Friday, December 17, 2010

Sharm El-Sheikh Shark Attacks: Update

Global Shark Attack File

NEWS RELEASE For Immediate Release

Sharm El-Sheikh Shark Attacks: Update

Between November 30 and December 5, 2010 there were 5 unprovoked shark attacks reported from Sharm El-Shiekh, Egypt. Following these attacks the Egyptian government assembled an international team of experts to conduct a forensic analysis of the attacks: Ralph S. Collier, President of the Shark Research Committee and Director of the Global Shark Attack File; Marie Levine, Executive Director, of the Shark Research Institute; Moustafa Fouda, MSEA; Mohammad Salem, EEAA; and Nassar Galal, CDWS.

The team gathered eyewitness testimony, examined the attack locations, and reviewed the forensic evidence, including all environmental factors present prior to each of the attacks. The following is a list of those factors they believed to be contributor to the attacks:

* The illegal dumping of sheep carcasses by animal transport vessels within 1.2 miles of the shore.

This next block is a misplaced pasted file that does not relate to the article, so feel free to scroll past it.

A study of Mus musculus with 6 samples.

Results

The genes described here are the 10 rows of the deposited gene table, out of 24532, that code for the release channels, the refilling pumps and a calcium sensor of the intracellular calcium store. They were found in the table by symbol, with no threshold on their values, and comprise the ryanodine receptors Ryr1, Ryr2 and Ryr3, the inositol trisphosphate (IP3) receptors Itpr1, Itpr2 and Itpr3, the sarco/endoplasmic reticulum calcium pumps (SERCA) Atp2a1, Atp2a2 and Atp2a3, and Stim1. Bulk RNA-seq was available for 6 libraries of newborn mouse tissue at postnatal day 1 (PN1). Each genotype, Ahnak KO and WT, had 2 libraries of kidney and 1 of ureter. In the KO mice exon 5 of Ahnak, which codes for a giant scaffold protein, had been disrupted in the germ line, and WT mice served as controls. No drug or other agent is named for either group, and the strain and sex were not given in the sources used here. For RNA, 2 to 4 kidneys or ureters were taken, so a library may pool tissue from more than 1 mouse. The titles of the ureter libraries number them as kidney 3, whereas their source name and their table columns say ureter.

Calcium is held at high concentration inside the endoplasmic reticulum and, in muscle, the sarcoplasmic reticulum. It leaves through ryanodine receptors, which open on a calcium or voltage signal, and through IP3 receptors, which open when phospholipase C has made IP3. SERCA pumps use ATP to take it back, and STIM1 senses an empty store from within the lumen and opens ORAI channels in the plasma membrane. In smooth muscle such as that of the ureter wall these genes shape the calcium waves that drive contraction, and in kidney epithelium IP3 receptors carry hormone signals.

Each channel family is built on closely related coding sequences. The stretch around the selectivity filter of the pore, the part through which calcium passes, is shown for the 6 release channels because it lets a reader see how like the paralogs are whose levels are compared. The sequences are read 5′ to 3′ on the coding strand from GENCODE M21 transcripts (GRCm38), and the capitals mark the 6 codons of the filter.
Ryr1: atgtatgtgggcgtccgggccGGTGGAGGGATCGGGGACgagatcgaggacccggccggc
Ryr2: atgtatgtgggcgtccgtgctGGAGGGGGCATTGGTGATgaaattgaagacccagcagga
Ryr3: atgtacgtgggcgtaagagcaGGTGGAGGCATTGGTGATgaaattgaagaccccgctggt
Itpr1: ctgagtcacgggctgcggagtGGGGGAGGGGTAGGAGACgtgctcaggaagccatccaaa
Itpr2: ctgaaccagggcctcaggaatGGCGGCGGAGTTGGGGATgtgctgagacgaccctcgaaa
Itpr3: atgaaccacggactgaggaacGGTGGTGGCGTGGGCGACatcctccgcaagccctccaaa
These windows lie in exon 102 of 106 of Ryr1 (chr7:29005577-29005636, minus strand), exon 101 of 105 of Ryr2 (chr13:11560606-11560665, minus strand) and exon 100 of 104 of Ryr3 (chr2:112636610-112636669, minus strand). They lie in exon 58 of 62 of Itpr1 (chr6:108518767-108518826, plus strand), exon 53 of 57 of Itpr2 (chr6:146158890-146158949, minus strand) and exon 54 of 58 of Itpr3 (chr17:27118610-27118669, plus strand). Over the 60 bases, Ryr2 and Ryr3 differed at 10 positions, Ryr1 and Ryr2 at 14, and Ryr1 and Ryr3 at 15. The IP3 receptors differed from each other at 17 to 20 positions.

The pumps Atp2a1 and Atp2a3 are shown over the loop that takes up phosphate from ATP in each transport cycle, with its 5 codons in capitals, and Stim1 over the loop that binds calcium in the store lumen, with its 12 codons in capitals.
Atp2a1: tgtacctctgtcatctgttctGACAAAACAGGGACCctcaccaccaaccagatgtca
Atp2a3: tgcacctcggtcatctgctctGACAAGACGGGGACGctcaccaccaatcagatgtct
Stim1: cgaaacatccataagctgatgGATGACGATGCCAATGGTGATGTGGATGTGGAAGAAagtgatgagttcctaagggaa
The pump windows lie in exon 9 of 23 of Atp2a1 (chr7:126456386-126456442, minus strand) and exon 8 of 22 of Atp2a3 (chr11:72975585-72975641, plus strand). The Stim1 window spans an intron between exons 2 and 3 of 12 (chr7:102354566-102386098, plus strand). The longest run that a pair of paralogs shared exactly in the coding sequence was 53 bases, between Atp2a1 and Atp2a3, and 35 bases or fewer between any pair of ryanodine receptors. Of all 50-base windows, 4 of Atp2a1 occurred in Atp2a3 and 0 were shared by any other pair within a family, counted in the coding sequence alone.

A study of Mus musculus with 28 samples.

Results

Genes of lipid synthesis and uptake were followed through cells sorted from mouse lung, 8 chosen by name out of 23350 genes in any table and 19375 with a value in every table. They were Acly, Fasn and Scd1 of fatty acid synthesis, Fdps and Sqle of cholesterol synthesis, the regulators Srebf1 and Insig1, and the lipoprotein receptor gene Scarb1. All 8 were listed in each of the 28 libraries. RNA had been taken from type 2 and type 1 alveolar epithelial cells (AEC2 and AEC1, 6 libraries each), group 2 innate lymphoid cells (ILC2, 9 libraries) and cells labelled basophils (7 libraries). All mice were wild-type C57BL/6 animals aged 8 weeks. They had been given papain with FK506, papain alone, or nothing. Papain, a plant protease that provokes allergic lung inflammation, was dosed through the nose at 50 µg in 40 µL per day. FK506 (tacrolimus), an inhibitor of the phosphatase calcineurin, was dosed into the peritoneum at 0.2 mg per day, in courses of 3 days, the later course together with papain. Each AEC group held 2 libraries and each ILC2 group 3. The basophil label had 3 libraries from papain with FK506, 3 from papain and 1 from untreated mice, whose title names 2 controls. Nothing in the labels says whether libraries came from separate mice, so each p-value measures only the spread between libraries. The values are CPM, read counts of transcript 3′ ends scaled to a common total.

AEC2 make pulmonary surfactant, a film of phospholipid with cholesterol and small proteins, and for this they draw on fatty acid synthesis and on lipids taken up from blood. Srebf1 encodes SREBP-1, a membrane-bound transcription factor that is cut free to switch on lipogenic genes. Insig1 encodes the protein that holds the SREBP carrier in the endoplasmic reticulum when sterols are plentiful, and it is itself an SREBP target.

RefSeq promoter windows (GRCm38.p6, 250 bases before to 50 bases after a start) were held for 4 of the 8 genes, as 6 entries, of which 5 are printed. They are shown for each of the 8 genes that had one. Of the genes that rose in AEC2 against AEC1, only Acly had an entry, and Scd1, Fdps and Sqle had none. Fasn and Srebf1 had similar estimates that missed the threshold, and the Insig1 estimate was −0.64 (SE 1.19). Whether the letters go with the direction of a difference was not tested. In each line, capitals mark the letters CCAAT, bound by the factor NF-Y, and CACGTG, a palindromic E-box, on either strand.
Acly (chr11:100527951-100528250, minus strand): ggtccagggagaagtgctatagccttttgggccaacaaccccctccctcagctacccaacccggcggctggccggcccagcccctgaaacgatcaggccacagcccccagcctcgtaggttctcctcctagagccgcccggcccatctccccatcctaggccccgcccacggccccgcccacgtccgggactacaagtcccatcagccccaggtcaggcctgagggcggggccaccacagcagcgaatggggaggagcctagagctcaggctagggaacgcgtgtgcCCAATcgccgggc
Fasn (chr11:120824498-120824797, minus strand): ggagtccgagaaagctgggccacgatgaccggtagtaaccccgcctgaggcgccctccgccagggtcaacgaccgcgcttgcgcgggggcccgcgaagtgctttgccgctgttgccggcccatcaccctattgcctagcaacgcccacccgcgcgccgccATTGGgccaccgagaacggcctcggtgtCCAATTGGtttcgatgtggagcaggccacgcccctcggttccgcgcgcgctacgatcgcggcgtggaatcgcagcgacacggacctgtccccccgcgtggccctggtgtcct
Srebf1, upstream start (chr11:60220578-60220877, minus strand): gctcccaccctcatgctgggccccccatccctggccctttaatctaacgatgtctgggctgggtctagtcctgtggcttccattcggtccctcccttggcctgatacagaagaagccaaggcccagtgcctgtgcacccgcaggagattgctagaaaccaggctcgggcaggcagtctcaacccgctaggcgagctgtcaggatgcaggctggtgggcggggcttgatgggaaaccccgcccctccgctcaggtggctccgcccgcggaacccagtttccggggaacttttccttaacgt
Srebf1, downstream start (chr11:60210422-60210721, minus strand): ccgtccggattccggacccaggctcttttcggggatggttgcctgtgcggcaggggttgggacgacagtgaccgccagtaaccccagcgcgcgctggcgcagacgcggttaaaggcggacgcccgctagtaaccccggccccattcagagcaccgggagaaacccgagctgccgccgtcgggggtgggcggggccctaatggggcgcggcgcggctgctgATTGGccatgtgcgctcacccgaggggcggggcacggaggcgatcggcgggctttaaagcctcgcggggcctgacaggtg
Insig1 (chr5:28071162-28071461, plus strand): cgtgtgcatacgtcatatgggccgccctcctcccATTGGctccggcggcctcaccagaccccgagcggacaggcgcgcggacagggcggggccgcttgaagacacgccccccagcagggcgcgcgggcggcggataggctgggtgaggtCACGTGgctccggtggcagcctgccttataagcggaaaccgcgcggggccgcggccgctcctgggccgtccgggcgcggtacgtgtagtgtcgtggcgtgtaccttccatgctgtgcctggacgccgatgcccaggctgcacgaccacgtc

* The unique underwater topography of the area; i.e., deep water very close to shore allowing pelagic sharks and humans to swim in close proximity.

* Although fishing is restricted in the Sharm El-Sheikh region, unrestrained fishing in the Red Sea has depleted fish stocks and reduced the amount of natural prey available to sharks.

* Shark and human population dynamics, i.e., 5 million people visit Sharm El-Sheikh annually and numbers of sharks migrate through the area each year.

* Feeding of fish by glass bottom boats and swimmers drew the sharks close to the beach.

* Elevated sea temperatures resulted in higher metabolic rates of the sharks and increased their energy (food) requirements.

* Although prohibited, it is believed that some dive operators have been feeding the sharks, which could have habituated the sharks to humans as a source for food.

It was determined from forensic evidence and eyewitness testimony that two species of sharks were responsible for the attacks; shortfin mako, Isurus oxyrinchus, and oceanic whitetip, Carcharhinus longimanus. Historical data obtained from the Global Shark Attack File for Egypt confirmed additional incidents from 2004 to the present (

Suggestions to reduce the potential for such future events were provided to officials for review and implementation.